July Newsletter | Transition and Community


Transitions of all shapes and sizes can pose significant challenges to people with autism. From everyday routines like getting a haircut or going to the doctor, to big life transitions like changing schools or starting a new job, research has shown that early access to the right information, materials, and strategies can help streamline transitions for students, families, and caregivers. This month’s newsletter and podcast tackle some of these transitions and strategies.

Plan Ahead

For many parents or caregivers, life with a young child may already seem impossibly full. Understandably, families of children who have high-support needs sometimes find themselves waiting to prepare for later transitions to come. However, taking even small steps well in advance can pay dividends when the time comes for these transitions. Starting to outline plans as early as preschool for the upcoming few years can be very beneficial. Note the following suggestions for getting started:

Establish contact with your child's potential school. Many schools have staff who specialize in transitions, and their titles often include words like “transition coordinator” or “transition specialist.” These important contacts can help to establish expected timelines and strategies and can give you more information on special services for which there are often long waitlists.

Learn about IEP meetings. In many cases, an Individual Education Program (IEP) is required for a child to receive special services. An IEP meeting that involves the student typically occurs during adolescence. This prepares students for crucial transitions and can help them to advocate for themselves. To help students get the most out of this meeting, learn some of the key information and strategies in our Understanding My IEP Social Script from our “Participating in an IEP Meeting” Routine Teaching Unit!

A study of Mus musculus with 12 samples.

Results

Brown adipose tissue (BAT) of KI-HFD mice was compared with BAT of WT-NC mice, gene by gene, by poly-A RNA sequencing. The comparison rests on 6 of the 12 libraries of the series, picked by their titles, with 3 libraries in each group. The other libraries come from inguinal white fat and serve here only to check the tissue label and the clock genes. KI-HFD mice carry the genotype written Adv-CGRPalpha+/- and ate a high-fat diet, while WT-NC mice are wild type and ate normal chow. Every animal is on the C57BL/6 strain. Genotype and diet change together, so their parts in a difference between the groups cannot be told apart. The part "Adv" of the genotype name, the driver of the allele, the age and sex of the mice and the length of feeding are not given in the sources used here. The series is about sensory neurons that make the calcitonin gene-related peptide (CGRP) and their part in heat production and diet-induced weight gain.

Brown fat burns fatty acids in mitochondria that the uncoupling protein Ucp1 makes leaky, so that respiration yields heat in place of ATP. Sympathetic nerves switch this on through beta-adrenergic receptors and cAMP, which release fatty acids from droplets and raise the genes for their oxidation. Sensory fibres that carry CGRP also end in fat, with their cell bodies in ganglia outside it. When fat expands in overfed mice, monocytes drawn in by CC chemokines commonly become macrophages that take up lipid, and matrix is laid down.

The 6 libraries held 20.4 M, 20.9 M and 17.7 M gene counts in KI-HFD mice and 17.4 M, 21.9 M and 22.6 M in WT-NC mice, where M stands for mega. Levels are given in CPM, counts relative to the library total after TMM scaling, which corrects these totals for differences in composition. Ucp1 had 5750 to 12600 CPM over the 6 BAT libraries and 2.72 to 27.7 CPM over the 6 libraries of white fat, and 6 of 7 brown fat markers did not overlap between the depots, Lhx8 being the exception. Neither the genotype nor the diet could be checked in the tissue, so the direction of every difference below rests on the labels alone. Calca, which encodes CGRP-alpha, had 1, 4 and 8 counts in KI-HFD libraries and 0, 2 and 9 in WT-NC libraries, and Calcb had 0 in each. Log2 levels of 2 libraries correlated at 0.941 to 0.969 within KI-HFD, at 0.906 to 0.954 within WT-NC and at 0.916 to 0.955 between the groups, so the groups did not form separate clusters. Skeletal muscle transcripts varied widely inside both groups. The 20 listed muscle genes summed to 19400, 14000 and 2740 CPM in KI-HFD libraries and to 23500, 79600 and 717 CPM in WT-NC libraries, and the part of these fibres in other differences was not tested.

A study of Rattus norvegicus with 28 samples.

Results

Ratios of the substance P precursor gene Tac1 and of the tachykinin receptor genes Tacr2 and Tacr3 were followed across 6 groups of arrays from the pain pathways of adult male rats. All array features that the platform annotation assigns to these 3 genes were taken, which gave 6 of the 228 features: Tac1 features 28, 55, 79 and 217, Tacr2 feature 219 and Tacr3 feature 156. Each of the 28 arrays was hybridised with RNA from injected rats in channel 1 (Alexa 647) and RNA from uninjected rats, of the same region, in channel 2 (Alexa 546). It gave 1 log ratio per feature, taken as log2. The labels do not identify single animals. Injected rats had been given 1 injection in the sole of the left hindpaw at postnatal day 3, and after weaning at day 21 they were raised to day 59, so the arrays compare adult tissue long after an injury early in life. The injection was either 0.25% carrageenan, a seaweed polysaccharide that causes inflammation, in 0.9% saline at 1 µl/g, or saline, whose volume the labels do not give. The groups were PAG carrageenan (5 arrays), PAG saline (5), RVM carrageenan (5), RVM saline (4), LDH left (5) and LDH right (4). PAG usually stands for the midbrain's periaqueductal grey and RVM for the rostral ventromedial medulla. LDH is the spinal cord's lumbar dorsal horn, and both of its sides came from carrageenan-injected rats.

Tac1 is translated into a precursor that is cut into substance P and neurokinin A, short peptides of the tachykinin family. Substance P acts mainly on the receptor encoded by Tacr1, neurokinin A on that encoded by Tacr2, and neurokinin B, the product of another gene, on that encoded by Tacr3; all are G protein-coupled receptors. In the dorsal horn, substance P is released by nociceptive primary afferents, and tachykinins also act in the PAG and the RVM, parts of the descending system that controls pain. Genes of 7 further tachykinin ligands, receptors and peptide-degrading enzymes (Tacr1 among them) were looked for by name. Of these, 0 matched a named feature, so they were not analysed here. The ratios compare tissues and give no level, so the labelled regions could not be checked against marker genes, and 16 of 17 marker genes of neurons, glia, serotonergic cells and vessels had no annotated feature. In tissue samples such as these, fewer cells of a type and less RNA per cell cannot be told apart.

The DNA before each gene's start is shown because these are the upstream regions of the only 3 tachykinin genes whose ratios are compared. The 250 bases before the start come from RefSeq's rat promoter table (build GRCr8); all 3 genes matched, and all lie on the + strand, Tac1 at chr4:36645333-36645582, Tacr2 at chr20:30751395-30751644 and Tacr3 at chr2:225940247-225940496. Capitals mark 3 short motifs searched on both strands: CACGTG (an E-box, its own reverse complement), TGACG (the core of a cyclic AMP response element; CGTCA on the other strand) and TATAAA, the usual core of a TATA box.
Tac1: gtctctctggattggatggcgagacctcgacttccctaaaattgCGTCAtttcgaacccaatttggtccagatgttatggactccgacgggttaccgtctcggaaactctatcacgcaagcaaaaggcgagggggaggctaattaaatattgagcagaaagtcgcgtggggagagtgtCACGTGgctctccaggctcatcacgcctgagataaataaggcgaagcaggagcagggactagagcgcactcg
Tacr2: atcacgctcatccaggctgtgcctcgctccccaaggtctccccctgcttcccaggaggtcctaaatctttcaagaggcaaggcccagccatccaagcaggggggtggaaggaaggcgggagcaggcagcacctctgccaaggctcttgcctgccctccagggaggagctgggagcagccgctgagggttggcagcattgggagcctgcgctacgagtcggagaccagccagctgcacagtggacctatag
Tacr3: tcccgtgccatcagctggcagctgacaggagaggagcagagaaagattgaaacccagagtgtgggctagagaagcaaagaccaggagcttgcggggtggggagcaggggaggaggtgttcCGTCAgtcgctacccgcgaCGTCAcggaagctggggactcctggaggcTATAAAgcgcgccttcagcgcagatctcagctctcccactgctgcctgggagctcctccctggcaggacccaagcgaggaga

Consider whether your child is learning vocational and pre-vocational skills. These may include skills like sorting or cleaning, and they have enormous value in helping students to build independence outside of the classroom and beyond. Resources in our Routine Teaching Unit, “Recycling,” includes holistic activities that practice using a visual schedule, navigating the school, creating recycling schedule templates, and remaining on task during an activity!

Self-Advocacy and Self-Determination 

The STAR and Links curricula use built-in, evidence-based strategies for empowering students to advocate for themselves. Our Arrival Guide, for example, helps to teach students to make choices (what to eat for lunch, for instance) and to ask for help when they need it. 

It is important when crafting transition plans to consider the student as a complete, multi-faceted person with needs, goals, and preferences. Some questions you can ask to help improve student-led and student-determined initiation in transition activities include:

What are the student’s short-, medium-, and long-term life goals, and what support systems are in place to help them achieve these goals?

To what degree has the student been empowered to initiate interactions with others, particularly in asking for what they want or need?

How close are the communication channels between families, students, and teachers?  Are all parties involved in the conversation, and are students included in a meaningful way? Use the student interest form (right) for the student to identify their preferences.

What is the relevance of the routines being taught?  A student whose family’s typical routine includes shopping at the grocery store, for instance, might especially benefit from skills involving money, transactions, and food preparation.

Episodes on the Autism Annex, the STAR Podcast, share real-life experiences and discuss how to best prepare for transitions with teachers, parents, and professionals.

Evidenced-Based Practices

Parents and caregivers often ask us, “My child has had success with the STAR curriculum in the past, but now they are moving to a new school. What should I do to make sure things continue to be successful for them?” Continuity is key, and we recommend that families advocate for their child by asking a new school about what evidence-based programs are at work in their classrooms. By explaining what has been successful for their child in the past, parents can open the door to conversations about what a new school can offer their child.